BY JENNIFER BAILEY
A sanitary sewer improvement city officials are looking at in the area west of Lake Vermilion has a hefty price tag — $4 million.
On Tuesday, city council members will consider applying for Illinois Environment Protection Agency clean water initiative loan funds to replace, upgrade and improve the sanitary sewer system serving northwest Danville.
The application would be to the IEPA State Revolving Fund Water Pollution Control Loan Program to assist with construction, sub-consulting and land acquisition for the project. The city will apply for $4.5 million.
The loan program has a 20-year repayment term with annual simple interest rates applied at one-half the bond market interest rate. The interest rate for the upcoming funding cycle year will be 1.93 percent.
The preferred alternative for the project eliminates a sanitary sewer crossing of Lake Vermilion, reduces the amount of force main adjacent to the lake and eliminates difficult to maintain gravity sewer in wood ravines.
The sewer service area includes Denvale, Denvale West, the Danville Country Club, Chateau Estates and New Rose Hill Cove.
Danville Urban Services Director David Schnelle said the application doesn’t mean the city will be successful in getting the funding.
Schnelle said this will show the state the city’s interest in the funding.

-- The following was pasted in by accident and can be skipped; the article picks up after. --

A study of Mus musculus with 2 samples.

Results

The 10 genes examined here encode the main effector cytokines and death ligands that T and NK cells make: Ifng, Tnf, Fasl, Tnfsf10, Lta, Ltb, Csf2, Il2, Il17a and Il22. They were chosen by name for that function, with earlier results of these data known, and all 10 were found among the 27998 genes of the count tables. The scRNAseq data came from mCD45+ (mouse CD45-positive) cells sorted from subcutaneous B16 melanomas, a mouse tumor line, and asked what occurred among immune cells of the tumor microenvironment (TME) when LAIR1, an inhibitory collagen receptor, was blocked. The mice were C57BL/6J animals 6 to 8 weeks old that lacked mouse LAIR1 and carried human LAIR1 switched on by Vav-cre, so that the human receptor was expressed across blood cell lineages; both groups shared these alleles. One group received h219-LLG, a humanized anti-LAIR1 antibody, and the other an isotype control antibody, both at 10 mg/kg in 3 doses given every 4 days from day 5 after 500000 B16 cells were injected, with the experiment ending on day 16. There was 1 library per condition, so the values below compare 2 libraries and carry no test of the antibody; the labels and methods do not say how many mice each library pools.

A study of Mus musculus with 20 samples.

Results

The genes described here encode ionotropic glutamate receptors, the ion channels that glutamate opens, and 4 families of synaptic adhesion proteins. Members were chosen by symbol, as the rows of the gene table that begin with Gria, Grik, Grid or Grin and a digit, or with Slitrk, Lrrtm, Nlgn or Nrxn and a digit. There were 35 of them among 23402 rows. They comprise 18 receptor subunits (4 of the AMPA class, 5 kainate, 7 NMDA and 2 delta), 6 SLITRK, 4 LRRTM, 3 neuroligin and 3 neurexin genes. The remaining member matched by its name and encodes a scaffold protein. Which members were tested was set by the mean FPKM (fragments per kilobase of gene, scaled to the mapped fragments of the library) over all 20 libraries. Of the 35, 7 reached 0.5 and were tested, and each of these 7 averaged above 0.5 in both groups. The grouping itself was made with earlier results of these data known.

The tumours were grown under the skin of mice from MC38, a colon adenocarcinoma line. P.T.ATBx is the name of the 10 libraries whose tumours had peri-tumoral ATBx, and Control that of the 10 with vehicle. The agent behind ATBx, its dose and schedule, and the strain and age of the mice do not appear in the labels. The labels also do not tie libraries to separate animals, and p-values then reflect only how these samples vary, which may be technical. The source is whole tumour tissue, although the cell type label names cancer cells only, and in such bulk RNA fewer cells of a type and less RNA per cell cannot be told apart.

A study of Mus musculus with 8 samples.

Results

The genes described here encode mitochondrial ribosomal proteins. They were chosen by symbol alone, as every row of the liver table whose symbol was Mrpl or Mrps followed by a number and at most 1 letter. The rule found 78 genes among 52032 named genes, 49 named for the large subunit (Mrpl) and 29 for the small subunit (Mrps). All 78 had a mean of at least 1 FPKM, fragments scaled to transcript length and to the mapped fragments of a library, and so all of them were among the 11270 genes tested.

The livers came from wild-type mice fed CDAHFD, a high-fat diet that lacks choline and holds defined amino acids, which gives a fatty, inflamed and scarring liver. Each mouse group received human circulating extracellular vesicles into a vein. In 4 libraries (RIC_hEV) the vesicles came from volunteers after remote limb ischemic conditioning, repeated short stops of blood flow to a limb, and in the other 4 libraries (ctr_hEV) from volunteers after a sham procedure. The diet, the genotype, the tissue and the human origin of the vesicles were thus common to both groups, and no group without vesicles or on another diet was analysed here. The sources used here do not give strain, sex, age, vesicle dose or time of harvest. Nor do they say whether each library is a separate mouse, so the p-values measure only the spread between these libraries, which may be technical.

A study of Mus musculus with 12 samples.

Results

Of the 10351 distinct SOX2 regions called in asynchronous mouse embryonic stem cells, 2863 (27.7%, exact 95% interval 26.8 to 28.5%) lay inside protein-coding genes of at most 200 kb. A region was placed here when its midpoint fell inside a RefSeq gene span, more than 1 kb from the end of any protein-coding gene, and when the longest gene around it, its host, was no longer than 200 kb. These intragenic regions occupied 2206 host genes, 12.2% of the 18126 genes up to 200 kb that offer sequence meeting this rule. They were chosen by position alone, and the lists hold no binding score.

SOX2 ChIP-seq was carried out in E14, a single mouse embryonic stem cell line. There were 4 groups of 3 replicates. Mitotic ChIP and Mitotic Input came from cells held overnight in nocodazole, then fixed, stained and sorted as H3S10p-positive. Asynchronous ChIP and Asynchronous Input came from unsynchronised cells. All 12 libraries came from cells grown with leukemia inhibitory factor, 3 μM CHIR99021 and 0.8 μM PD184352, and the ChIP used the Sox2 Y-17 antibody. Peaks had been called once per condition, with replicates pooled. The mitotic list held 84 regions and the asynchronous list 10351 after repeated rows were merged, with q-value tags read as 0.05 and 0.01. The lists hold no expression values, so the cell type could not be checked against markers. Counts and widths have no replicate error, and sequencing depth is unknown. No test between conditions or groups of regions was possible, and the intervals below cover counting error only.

“We would be crazy not to apply,” said Ward 7 Alderman Bill Black.
In other business Tuesday, the council will consider:
Council members had already approved an extended option to purchase the land through the end of November. The option price was $1,000. The land purchase is pending IEPA approval.
Public Works Director Doug Ahrens said the equipment replaces a 17-year-old piece of equipment.
Ahrens added that having the city continue leasing the equipment isn’t advantageous to the city. Rental costs can add up to a fourth of the purchase price. A new mini excavator could cost $90,000.
Evaluations about the new equipment took about two years.
City officials say the mini excavator will provide more versatility and make smaller footprints on projects.
Ray Garcia, the city’s new superintendent of streets and sewers, said the equipment will be used for sewer and storm water issues, alleys, drainage work, sidewalk removals and other projects.
The city was successful on 19 bids at the county auction.
“We got all but three for the minimum bid,” said Mayor Scott Eisenhauer.
Sixteen properties were obtained with the lowest $646 bid price, such as property on Cherry, Junction, in the 100 block of Logan Avenue, and on Jackson Street.
The city purchased a property on Section Street for $4,585, and two properties off Fletcher Drive and North Bowman for $848 each.
Eisenhauer said the city purchased the Section Street property at a lower than expected price.
The city was outbid on a property on Texas, he added.
There is 60 days to complete the transactions, Eisenhauer said.
Funding for the properties comes from different funds including public works, tax increment financing and grant funding.
Projects for the 19 various properties include park extension, Collett Street extension, Main Street project and corridor, high school and Carver Park improvements.
City council members will meet at 6 p.m. Tuesday at the Robert E. Jones Municipal Building, 17 W. Main St.